NIGERIA/LONDON (AFP) – Young Nigerians who took to the streets to demand better governance are in shock after a brutal crackdown on their movement but say their resolve for change remains undimmed.
Demonstrations began on October 8, targetting a hated police unit, the Special Anti-Robbery Squad (SARS), that the authorities vowed to disband as pressure mounted.
Anger turned into unrest, climaxing on October 20 when security forces shot at a crowd of a thousand demonstrators defying a curfew in the economic hub Lagos – 12 were killed, according to Amnesty International.
Today, as a judicial panel launched by the authorities probes the bloodshed, the leaderless campaign is struggling to come to terms with events that have been both traumatic and historic.
“The government murdered peaceful protesters in cold blood, people are still rattled,” said demonstrator Leo Dasilva, 28.
Those who took part in the protests say that a page in history has been turned.
Nigeria – the diverse home of more than 250 ethnic groups and 500 languages, different religions and cultures – will never be the same, they contend.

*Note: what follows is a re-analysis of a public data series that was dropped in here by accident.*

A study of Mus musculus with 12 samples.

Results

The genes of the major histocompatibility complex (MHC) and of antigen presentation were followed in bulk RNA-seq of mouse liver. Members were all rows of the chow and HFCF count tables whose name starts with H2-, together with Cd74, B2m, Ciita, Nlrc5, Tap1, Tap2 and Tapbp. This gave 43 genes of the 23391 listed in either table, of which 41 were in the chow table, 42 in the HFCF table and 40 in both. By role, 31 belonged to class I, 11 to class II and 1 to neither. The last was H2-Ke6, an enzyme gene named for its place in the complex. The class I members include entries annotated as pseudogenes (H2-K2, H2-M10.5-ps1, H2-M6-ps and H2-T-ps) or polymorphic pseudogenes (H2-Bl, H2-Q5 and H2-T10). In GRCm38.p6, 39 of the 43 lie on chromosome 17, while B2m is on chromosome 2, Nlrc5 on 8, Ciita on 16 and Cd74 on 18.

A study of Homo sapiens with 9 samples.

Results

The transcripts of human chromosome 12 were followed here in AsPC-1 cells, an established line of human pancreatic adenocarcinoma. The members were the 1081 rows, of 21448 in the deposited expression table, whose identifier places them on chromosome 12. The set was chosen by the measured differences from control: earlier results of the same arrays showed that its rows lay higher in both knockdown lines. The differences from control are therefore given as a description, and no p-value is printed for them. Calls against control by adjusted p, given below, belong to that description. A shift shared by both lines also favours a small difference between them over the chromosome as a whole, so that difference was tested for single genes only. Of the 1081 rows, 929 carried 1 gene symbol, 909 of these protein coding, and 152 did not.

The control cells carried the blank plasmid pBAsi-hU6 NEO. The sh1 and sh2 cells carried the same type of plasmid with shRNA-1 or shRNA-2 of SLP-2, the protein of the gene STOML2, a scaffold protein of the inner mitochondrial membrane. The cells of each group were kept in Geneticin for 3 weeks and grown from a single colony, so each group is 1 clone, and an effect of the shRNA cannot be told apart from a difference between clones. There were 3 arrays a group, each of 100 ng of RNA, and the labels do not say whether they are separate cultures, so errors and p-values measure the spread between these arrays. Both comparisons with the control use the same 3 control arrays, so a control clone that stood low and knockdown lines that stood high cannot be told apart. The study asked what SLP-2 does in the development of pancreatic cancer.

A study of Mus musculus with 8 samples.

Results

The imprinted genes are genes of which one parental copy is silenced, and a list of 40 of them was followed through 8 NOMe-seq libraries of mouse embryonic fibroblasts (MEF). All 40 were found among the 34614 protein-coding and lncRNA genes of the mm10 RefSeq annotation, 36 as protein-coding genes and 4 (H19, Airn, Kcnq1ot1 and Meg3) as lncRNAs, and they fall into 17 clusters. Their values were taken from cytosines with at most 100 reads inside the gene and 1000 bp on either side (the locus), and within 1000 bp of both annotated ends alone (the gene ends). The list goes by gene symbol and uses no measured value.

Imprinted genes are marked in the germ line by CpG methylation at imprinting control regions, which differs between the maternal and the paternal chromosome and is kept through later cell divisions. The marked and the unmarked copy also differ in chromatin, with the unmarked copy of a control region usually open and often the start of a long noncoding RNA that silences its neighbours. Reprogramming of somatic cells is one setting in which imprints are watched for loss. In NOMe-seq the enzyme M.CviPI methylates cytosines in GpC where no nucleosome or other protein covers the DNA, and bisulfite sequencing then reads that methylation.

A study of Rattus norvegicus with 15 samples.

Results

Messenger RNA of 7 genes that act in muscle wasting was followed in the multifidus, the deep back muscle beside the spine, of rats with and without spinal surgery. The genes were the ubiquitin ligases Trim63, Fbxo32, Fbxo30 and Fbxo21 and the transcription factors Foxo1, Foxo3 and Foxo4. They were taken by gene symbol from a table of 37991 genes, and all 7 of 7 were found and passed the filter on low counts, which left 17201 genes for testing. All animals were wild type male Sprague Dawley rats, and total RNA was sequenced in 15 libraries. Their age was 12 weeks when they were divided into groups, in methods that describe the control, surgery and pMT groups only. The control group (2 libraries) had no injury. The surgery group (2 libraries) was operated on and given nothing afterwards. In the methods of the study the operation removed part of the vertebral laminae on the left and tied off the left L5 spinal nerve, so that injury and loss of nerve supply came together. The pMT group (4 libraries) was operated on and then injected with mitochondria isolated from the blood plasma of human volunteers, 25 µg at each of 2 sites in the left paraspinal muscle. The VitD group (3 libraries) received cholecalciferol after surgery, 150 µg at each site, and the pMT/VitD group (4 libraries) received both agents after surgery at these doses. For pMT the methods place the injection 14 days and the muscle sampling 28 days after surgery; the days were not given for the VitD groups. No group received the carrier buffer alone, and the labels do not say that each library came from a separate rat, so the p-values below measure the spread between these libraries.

It has “shifted the realm of possibility of what can happen in this country,” said Feyikemi Abudu – known as FK – in a podcast with fellow activist Jollz, called “I said what I said”.
The two young women are part of the Feminist Coalition, one of the main groups backing the protests.
“What we achieved was unity, and unity is not little, it’s a very big win for Nigeria,” said Anita Izato, a 24-year-old lawyer in the capital Abuja.
The tech-savvy protesters organised themselves at lightning speed with the help of social media, providing legal aid, paying medical bills and offering support with a helpline.
“They’ve shown so much leadership – even though there was no leader. They brought in ambulances, took care of people’s welfare and security – almost like a government!” long-time Nigerian activist Aisha Yesufu, 46, said.